Amazon Delivery Drones: Pie In The Sky

| About:, Inc. (AMZN)

No doubt Amazon AMZN managed to garner a lot of attention over the weekend with the launch of Prime Air. They even gave us a cheeky video showing us the test vehicle in use.

Mr. Bezos was quick to stop customers frantically searching for the 30 Minute delivery by adding that this technology was 5 years away from mainstream use but also stated that this wasn't some pie in the sky idea and that it would definitely be possible.

I would agree with Mr. B that this concept is possible. I've got a miniature helicopter in the office (much to the annoyance of my colleagues) and a slightly better one at home. They have already proven as David Blaine found out when someone choppered a happy meal around his famous 'living in a box' stunt.

My thoughts however are that this technology, while completely feasible is most likely uneconomical, from a number of standpoints.

1. The numbers don't add up.

When you think about what Amazon sells, you will quickly come to the conclusion that the most common items bought are books, games and media which typically cost $10 - $40. The delivery network works so well because the current technology can operate efficiently and at a low cost. The Boeing 747, for example, can carry 124 tonnes of cargo. Considering a book weighs 300 grams the Boeing can carry 413,000 books per flight. As a rough guide, a Boeing 747 also costs about $30k to fly per hour on a charter (ie more expensive than standard), which equates to roughly 7c per book of transportation charges for a short haul package. Of course you would also have to include the cost of transportation to hubs and then to home which would be more costly but rough estimate of 40c all in cost is probably a safe estimate.

The capital outlay for one plane is paid for by a huge raft of deliveries per week and made economical by being part of a integrated logistical network. A custom made chopper made to deliver involves adding more infrastructure and software to the back end of Amazon delivery network and the payback period when you sell books not jewellery would be excessively long.

It's not just the chopper itself that needs to be bought, but at the moment, Amazon relies on hub sites of logistical companies, keeping its operations concentrated in few locations. Is there such a demand to role out spoke delivery sites which cost money in order to have capacity to provide this service, which also costs money?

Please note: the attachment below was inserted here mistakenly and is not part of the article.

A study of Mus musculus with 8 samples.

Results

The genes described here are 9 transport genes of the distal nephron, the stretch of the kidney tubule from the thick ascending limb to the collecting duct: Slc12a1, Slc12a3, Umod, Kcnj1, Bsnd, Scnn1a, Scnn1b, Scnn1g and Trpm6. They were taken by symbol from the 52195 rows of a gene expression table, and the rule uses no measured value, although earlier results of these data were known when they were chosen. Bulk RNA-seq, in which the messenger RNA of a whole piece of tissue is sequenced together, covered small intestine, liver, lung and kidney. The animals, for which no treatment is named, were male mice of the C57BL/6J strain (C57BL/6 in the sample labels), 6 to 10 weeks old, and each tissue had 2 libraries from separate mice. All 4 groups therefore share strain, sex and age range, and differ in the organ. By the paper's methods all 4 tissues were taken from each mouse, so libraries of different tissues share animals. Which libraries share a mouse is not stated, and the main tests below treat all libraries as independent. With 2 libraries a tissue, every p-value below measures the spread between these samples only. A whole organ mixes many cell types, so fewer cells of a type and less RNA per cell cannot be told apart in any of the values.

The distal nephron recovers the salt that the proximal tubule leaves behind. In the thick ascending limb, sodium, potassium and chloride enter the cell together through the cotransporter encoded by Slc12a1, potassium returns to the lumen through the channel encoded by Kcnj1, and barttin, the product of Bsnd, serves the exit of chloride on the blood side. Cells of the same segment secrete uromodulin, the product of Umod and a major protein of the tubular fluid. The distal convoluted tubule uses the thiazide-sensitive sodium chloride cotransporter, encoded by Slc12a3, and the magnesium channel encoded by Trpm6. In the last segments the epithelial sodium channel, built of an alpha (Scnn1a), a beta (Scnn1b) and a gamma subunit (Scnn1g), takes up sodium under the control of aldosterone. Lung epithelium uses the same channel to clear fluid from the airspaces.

2. Too many legal issues

Imagine for instance that the economics are there, Amazon set up and suddenly your local branch of Amazon is abuzz with hundreds of choppers zipping and zagging around your local skyline. Would this be allowed or wanted? How would you feel if lots of little chopper suddenly appeared buzzing around everywhere?

What if one was to crash or to drop a package, who is responsible for any injury, damage or worse?

3. Do we really need it.

I would understand completely if the person implementing choppers was an organ transplant service where people are willing to pay good money to have something vital delivered in a short amount of time.

Maybe there is a market for a Russian oligarch who is willing to pay to get the latest Cartier necklace delivered to his boat on the Aegean to surprise his thirteenth wife.

The reality is do I or anyone really want to receive our Amazon gifts in 30mins? Well, yes...if it was no additional charge. Would I pay $3 - $5 to receive a package even quicker than one or two days? Maybe but most likely not.

Would I pay $10,$20, $50 for this privilege? No.

Concluding I think this is a great ploy by Mr. B, a really nice bit of publicity and a really great idea of the future but to be honest I think we can leave this idea to the RC helicopter enthusiasts

Disclosure: I have no positions in any stocks mentioned, and no plans to initiate any positions within the next 72 hours. I wrote this article myself, and it expresses my own opinions. I am not receiving compensation for it (other than from Seeking Alpha). I have no business relationship with any company whose stock is mentioned in this article.